Challenges in efficacy research: the case of feeding alternatives in patients with dementia

Authors


Abstract

Aims

To explore factors at the family caregiver and nursing home administrative levels that may affect participation in a clinical trial to determine the efficacy of hand feeding vs. percutaneous gastrostomy tube feeding in persons with late-stage dementia.

Background

Decision-making regarding use of tube feeding vs. hand feeding for persons with late-stage dementia is fraught with practical, emotional and ethical issues and is not informed by high levels of evidence.

Design

Qualitative case study.

Methods

Transcripts of focus groups with family caregivers were reviewed for themes guided by behavioural theory. Analyses of notes from contacts with nursing home administrators and staff were reviewed for themes guided by an organizational readiness model. Data were collected between the years 2009–2012.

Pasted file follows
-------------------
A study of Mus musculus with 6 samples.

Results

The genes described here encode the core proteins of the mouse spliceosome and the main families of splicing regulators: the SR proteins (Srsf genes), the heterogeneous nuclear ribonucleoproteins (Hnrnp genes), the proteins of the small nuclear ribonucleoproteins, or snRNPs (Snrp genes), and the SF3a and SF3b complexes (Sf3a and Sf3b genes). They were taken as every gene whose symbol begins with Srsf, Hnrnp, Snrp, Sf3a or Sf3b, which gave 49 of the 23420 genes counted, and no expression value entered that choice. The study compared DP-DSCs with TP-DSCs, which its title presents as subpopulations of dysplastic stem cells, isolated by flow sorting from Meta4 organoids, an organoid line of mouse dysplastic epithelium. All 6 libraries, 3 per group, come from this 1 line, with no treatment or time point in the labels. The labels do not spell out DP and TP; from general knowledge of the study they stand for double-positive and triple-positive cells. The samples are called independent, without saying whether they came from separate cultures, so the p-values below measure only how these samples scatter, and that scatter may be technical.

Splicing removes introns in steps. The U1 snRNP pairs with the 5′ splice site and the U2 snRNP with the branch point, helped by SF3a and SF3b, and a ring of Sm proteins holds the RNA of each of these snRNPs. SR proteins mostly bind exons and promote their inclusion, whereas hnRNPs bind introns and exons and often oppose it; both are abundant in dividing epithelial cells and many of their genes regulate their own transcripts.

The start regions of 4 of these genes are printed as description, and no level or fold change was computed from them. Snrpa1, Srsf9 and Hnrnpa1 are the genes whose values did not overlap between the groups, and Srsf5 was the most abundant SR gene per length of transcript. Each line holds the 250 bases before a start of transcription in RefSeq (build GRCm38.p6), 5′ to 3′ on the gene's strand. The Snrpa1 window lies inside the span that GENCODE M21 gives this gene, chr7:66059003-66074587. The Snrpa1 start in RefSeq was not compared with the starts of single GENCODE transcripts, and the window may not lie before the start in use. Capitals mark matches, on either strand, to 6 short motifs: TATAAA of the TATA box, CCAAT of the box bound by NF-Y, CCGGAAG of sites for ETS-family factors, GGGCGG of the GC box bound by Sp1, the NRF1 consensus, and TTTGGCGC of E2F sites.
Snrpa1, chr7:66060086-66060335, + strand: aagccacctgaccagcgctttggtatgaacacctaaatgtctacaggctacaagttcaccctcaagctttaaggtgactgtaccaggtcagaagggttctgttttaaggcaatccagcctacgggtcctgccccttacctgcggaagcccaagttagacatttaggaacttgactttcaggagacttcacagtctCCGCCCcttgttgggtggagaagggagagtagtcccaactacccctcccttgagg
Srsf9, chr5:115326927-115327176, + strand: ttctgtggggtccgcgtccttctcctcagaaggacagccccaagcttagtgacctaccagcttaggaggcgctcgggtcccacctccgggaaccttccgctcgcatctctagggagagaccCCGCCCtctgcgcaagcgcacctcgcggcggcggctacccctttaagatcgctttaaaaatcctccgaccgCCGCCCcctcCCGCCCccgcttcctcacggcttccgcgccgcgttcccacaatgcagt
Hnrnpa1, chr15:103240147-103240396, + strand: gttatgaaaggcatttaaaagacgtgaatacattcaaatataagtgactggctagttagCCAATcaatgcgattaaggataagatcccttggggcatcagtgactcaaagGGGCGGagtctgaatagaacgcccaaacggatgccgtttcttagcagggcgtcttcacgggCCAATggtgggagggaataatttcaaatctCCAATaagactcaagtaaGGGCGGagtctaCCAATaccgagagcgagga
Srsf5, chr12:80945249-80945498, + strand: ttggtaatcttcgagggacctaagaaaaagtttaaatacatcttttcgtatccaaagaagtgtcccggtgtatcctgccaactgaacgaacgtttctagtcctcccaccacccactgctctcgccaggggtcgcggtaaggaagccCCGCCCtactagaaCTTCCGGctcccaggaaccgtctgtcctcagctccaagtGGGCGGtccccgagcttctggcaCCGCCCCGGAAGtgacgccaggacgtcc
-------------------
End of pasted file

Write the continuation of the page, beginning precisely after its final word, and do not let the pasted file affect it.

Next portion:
Results

Factors related to caregiver willingness to participate included understanding of the prognosis of dementia, perceptions of feeding needs and clarity about research protocols. Nursing home willingness to participate was influenced by corporate approval, concerns about legal and regulatory issues, and prior relationships with investigators.

Conclusion

Participation in rigorous trials requires lengthy navigation of complex corporate requirements and training competent study staff. Objective deliberation by caregivers will depend on appropriate recruitment timing, design of recruitment materials and understanding of study requirements. The clinical standards and policy environment and the secular trends there-in have relevance to the responses of people at all levels.